Wintering is a time of waiting. Waiting to see what survives; what will thrive from what’s been left behind. Wintering is a time for discovering the beauty that exists in the quiet, in what remains.
I think much of my teenage years and early adult years were spent in a period of waiting. Working and studying, and waiting for the time when I could do what I really wanted to do. And, it doesn’t always feel like much has changed.
The older I get though, the more I seem to question things, question myself, and question my choices. And instead of taking action, I wait to see how things will play out. I’m not quite sure that’s such a good thing. I fear that all my wintering will strip me of who I am, and I’ll lose sight of what I really want.
I wait for relationships to heal, for a phone call to end the silence that has stretched between my brother and I for over ten years. I wait for my sister and I to regain the closeness we shared as little girls who called each other “Best Friends.”
I wait to feel pleasure again in my career. Teaching used to be fun and exhausting, exhilarating and demanding. And I loved it. I don’t anymore. I can’t teach grammar, long division, and California history in the midst of chaos caused by thirty-plus children who need lessons in respect and compassion, manners and tolerance.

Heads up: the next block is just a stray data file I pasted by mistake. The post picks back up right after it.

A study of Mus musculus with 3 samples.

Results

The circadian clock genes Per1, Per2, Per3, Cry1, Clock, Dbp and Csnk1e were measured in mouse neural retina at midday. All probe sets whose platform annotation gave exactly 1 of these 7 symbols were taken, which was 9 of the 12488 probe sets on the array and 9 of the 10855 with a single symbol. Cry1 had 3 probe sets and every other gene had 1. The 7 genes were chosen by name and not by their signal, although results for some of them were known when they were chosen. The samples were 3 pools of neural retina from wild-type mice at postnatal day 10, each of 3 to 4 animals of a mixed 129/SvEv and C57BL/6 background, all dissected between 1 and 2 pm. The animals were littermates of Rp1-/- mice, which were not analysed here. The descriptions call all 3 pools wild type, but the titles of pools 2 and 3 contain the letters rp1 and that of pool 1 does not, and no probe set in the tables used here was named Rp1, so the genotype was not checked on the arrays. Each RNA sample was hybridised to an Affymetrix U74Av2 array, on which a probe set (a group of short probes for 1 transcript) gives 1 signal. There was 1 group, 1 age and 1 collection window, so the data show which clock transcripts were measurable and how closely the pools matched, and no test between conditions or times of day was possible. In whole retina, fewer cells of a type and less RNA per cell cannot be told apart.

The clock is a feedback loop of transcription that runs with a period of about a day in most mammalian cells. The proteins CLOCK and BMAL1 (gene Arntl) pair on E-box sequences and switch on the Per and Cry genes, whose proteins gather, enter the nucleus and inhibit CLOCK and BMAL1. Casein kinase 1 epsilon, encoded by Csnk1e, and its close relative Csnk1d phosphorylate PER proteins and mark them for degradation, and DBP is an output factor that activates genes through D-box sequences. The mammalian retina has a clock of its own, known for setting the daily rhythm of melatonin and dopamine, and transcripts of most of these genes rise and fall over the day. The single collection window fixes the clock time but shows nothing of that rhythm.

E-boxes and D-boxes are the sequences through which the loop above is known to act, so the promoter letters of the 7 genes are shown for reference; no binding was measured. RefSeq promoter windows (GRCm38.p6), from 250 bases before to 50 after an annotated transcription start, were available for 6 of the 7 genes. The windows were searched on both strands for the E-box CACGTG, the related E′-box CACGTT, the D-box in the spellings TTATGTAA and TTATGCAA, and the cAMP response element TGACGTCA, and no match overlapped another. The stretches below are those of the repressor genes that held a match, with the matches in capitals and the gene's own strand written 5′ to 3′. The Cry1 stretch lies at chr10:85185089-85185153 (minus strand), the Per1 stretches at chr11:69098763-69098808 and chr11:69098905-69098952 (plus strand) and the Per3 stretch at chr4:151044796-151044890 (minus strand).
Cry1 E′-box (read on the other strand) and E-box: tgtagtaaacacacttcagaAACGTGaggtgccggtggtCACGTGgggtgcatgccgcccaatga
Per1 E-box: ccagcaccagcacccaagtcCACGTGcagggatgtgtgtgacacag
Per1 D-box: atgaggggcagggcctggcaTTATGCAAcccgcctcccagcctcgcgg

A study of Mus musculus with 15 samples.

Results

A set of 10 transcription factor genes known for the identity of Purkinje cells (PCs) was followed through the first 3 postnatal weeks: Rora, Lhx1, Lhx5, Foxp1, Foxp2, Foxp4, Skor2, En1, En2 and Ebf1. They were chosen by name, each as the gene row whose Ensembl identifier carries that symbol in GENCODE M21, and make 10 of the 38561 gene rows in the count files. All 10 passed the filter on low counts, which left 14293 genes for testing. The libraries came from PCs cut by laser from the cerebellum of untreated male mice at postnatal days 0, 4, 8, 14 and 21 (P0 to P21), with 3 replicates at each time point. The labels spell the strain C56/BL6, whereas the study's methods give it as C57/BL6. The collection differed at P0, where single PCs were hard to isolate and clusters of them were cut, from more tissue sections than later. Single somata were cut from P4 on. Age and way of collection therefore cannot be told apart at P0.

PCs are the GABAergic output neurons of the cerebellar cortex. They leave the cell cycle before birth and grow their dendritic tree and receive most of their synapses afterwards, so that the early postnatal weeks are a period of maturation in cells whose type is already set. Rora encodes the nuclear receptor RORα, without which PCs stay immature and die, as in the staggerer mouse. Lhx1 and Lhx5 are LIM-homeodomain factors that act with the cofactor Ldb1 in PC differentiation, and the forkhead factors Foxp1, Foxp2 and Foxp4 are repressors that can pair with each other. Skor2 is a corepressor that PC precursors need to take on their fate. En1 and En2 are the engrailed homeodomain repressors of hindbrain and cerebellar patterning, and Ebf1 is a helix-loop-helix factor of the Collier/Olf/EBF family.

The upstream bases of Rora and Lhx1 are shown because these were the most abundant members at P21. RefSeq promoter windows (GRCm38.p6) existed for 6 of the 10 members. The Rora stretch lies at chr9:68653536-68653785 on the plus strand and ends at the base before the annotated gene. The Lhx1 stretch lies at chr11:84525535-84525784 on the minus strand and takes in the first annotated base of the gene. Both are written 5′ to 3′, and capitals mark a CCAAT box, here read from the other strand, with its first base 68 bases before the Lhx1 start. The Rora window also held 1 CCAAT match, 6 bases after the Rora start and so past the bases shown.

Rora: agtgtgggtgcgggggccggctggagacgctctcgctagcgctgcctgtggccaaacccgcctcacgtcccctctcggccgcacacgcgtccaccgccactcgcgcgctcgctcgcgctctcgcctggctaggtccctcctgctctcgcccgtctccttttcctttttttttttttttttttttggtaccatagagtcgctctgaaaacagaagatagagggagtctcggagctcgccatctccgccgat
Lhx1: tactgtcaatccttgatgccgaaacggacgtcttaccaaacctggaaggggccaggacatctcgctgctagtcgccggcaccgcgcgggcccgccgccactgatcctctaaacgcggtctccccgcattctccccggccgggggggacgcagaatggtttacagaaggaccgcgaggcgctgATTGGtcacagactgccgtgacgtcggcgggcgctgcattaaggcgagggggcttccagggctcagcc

Sometimes my life feels like a test. How much can I handle and how well can I handle it? The answer remains to be seen, and sometimes I feel more up for the challenge than others.
The pink flowering blooms are blown off a tree on a neighbor’s front yard, but the strong trunk remains. That tree is grounded, it’s got a solid foundation, and I know I do too. I’ve got to wait it out. Take stock of what it is I can change, what I can’t change and will accept as is, and what I can no longer tolerate.
Winter can be a time of great desolation, sadness, and loneliness. And that’s okay.
But, there’s a flip side. Wintering is also a time of renewal; a chance to hibernate and recharge. A chance for me to take stock of my life, to inventory of what I want to keep, what I want to change, and what I need to let go.
Things I waited for haven’t turned out the way I thought they would. Teaching was supposed to be the career I’d retire from. Now, I worry how I’ll make it to June. My siblings were supposed to be my constant source of comfort not pain.
In the quiet of this wintering stage, I can pause and reflect on the many blessings that do fill my life (a ten-year-plus friendship with a former co-worker), the happy surprises (discovering my favorite local-vacation spot along California’s central coast), the evolution of my life (I’m a mother).
And, life will go on. Seasons will change. Bits of me will too.